This post is by Jeff Carter from Points and Figures


Most of the time, you had to “leg” into the trade and “leg” out.  That meant closing one side of the spread and trying to get out of the other side.  In the pit, you could get a true edge, and sometimes you could get the edge on both sides of the spread.  That felt good. Other times, the market would go against you and you’d have to figure it out.

You’d have to fight a psychological battle yourself every day.  It spanned the emotional gamut from elation to despair.  You’d fight nerves.  When you were in a flow it was a lot easier to deal with than when you weren’t.  Hence, you always looked at ways to get into flow.

I remember once in the hogs, I got out of one side on the open at 9am.  I put my cards in my pocket and waited.  I left the floor with one eye on the quote board. I nervously chatted with people.  I anxiously read newspapers all day.  At 1pm, I walked back into the pit and got out of the other side on the close.  Saved myself thousands and thousands of dollars.  Risky and nerve wracking.  But, the trend was pointing my way and patience let me ride the trend.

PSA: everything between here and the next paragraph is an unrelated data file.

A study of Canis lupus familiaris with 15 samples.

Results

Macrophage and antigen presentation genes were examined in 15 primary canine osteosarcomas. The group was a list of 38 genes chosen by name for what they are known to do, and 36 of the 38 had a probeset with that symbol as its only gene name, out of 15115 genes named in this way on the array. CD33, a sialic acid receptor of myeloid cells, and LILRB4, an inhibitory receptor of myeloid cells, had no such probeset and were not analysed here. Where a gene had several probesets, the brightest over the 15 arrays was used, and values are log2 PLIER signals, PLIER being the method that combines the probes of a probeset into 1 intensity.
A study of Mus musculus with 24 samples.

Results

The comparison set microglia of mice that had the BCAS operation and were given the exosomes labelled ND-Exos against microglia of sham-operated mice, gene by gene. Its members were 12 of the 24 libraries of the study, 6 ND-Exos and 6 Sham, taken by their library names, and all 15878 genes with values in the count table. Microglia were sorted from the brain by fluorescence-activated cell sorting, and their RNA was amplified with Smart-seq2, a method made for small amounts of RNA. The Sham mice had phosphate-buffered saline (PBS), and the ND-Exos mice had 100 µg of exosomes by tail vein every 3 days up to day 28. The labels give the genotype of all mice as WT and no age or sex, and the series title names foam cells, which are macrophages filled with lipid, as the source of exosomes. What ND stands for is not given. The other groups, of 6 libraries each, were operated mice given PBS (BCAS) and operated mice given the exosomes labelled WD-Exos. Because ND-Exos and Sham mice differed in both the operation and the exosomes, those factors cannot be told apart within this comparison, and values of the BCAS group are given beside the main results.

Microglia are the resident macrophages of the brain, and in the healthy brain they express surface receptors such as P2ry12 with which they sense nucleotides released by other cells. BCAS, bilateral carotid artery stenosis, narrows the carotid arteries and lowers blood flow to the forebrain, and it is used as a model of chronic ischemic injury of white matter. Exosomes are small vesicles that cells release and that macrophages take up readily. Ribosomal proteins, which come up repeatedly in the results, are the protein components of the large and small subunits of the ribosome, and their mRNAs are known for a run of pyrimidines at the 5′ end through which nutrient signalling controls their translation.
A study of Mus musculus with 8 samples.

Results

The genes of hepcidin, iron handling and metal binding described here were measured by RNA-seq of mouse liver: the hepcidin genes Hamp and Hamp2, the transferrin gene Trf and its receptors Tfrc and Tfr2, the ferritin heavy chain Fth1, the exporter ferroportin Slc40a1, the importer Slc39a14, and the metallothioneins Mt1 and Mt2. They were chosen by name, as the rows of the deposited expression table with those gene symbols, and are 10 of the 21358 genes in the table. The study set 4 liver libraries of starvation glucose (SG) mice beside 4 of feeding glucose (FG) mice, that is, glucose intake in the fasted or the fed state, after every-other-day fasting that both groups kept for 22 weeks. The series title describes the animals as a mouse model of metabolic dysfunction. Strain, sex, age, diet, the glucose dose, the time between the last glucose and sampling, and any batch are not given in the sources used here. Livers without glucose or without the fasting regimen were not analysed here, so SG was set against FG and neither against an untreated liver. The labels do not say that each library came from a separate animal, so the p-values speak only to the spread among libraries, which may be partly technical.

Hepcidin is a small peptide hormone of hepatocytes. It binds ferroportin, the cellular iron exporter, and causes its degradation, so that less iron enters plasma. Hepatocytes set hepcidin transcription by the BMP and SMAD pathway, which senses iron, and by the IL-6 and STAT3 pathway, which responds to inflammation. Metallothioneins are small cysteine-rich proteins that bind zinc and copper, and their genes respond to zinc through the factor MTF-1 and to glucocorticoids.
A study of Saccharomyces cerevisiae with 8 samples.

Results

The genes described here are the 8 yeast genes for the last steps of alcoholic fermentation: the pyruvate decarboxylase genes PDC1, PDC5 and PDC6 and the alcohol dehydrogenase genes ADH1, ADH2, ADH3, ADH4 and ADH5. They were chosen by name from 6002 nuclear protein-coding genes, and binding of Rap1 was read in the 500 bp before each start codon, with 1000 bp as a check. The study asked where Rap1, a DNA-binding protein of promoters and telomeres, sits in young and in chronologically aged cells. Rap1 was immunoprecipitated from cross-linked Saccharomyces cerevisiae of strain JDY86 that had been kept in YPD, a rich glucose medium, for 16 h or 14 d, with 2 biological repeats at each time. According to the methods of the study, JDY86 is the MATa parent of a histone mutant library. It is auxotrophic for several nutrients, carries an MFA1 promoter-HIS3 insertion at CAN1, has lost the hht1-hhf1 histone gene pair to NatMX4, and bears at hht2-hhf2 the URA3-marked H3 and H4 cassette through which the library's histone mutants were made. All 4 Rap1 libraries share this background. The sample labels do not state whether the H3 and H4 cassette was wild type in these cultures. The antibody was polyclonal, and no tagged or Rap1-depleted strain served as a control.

Investing in startups is like that too except the time horizon is 10-15 years.  It might take a few years for the trend to develop so the startup has tailwind.  Some startups can create their own tailwind, but again, it can take years.

I think one of the hardest things to shoulder when I traded was that all the risk was mine and it was impossible to hedge it.  I had a lot of capital tied up in my business.  My membership cost a lot of money, and the value of it fluctuated up and down.  There was nothing I could do about it.  I had to keep a lot of capital liquid as dry powder so I could be opportunistic and trade.

Entrepreneurship is a lot like that.  Everyone shoulders a lot of risk.  Entrepreneurs are 100% invested in their company.  Employees of that company receive stock and are 100% all in.  Investors invest money, and are 100% all in.  No way to hedge.

Then you wait.

When it works out, the participants receive the spoils from shouldering that risk.  They deserve it.